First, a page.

Preventing teen prescription drug abuse

In In the News, Prescription Drugs by admin

Dallas Gay describes his grandson, Jeffrey, as energetic and friendly.

“He didn’t meet a stranger, he was about 6 feet, 5 tall, played basketball, big smile, loved music, and hugged everybody he met,” Gay said with a smile.

While in high school, Jeffrey used prescription painkillers for recreational use, and rapidly became addicted.

“Most everyone like myself, or Jeffrey’s parents, didn’t have any idea what it was about. That it was a progressive disease,” Gay explains.

After struggling for years, Jeffrey died in 2012 at age 21.

Dallas Gay is now a co-founder for “Think About It,” a campaign aimed at preventing prescription drug abuse.

“The public doesn’t understand that twice as many folks abuse prescription drugs than the drugs such as cocaine and heroin,” said Attorney General Sam Olens.

Olens said last year in Bibb County alone, 345,000 prescriptions for painkillers were issued.

That’s more than two prescriptions for every person in the county.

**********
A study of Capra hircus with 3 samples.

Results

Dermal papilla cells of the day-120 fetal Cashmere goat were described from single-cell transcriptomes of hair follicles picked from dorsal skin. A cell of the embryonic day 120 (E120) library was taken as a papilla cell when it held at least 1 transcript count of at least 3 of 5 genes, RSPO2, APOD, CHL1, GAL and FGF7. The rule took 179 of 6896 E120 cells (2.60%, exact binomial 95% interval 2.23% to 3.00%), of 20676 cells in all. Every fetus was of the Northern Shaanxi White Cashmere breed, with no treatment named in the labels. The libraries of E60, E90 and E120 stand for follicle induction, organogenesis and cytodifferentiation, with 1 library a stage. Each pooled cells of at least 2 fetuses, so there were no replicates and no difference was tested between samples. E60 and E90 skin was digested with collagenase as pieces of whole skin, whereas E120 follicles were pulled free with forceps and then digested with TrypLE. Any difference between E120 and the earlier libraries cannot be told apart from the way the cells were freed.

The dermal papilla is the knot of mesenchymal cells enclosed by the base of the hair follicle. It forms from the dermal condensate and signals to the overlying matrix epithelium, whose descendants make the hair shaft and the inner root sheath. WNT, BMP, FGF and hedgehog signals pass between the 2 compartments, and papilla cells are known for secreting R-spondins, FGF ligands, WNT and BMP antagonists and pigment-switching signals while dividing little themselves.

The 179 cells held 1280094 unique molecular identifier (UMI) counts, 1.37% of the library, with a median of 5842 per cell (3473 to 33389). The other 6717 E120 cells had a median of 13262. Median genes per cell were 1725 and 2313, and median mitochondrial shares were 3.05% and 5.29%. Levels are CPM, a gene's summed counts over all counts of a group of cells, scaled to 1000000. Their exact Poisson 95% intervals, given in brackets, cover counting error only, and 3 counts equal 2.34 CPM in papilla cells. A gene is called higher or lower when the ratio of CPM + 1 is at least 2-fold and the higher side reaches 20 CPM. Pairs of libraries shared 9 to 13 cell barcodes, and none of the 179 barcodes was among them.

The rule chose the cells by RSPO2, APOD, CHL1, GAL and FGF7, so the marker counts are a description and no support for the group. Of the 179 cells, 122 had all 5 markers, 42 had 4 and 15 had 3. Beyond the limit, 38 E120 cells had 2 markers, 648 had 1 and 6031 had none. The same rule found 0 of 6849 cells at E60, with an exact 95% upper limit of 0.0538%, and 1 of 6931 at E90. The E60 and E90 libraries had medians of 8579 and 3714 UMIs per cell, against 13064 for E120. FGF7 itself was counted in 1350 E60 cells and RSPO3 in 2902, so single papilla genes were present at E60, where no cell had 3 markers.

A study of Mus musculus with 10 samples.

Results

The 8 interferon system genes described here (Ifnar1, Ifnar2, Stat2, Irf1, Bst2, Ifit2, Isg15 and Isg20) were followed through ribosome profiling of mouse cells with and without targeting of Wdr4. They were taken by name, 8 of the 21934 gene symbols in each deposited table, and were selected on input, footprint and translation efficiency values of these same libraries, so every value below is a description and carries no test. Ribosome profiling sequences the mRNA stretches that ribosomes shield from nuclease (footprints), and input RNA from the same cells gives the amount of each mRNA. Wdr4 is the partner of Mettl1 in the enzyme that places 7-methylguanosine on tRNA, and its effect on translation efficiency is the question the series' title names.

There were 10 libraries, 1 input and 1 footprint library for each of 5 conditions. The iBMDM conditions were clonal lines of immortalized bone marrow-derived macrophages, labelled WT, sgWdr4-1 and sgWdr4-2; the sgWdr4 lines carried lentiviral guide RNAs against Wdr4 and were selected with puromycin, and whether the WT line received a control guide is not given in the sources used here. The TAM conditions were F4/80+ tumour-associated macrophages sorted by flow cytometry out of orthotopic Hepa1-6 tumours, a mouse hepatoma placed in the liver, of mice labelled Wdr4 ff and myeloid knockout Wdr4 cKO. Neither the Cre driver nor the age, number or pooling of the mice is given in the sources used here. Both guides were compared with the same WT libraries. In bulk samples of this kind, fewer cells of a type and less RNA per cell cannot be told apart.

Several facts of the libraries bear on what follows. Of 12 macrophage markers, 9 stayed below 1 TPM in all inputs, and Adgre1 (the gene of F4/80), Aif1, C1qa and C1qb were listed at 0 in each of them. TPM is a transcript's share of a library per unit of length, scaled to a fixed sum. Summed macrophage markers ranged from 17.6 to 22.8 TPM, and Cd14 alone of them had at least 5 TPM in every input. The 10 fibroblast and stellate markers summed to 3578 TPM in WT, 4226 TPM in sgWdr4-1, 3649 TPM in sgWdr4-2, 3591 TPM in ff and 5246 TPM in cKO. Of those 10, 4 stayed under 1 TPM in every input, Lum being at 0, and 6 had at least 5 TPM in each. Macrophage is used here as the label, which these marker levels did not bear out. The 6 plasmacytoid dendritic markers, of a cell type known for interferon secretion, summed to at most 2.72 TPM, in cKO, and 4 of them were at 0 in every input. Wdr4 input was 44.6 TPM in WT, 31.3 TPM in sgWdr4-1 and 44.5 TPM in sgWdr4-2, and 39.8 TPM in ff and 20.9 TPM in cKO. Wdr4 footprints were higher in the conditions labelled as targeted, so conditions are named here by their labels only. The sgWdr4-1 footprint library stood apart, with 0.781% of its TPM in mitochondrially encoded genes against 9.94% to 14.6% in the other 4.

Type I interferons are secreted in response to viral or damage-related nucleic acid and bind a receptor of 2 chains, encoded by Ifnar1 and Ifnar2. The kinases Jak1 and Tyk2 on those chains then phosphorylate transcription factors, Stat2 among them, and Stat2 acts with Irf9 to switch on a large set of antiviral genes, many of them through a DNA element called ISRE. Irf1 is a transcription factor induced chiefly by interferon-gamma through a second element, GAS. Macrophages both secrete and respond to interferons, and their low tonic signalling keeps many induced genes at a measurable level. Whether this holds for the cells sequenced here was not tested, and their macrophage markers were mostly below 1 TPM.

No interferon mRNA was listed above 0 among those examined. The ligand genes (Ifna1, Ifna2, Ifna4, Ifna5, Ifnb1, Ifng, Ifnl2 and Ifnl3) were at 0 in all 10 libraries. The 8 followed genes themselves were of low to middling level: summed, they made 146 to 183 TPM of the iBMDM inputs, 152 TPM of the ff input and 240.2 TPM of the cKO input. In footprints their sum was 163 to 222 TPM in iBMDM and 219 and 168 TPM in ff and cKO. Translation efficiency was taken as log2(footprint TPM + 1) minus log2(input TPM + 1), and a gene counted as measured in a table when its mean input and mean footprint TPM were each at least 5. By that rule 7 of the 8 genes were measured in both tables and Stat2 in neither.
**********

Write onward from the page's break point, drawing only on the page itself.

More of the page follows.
“The accessibility is a problem,” said District Attorney Michael J. Moore, “The fact that kids may think that because a doctor prescribed them to somebody that they’re not as dangerous. We find them at parties, we’re hearing about kids taking them to school.”

According to the CDC, the most common prescription pills that were abused in 2011 were painkillers, like oxycodone or morphine.

Gay says there are ways to prevent teenagers from trying them.

He says to take your medicines only as prescribed, to not share them with other people, to store them where other people don’t have access to them, and to dispose of them when you’re finished.

Gay also stresses that Georgia’s 911 Amnesty Law grants immunity to some people who call seeking medical help if they overdose on a drug.

For Gay, Jeffrey’s death is a reminder to teach other teens about the risk.

“If we could get that cheer to go up from school to school to school, ‘We’re just not gonna take it’, then we’ll win,” Gay said, “We’ll win a lot of victories.”

Attorney General Sam Olens launched a statewide contest where high schoolers can win an iPad for encouraging drug abuse prevention.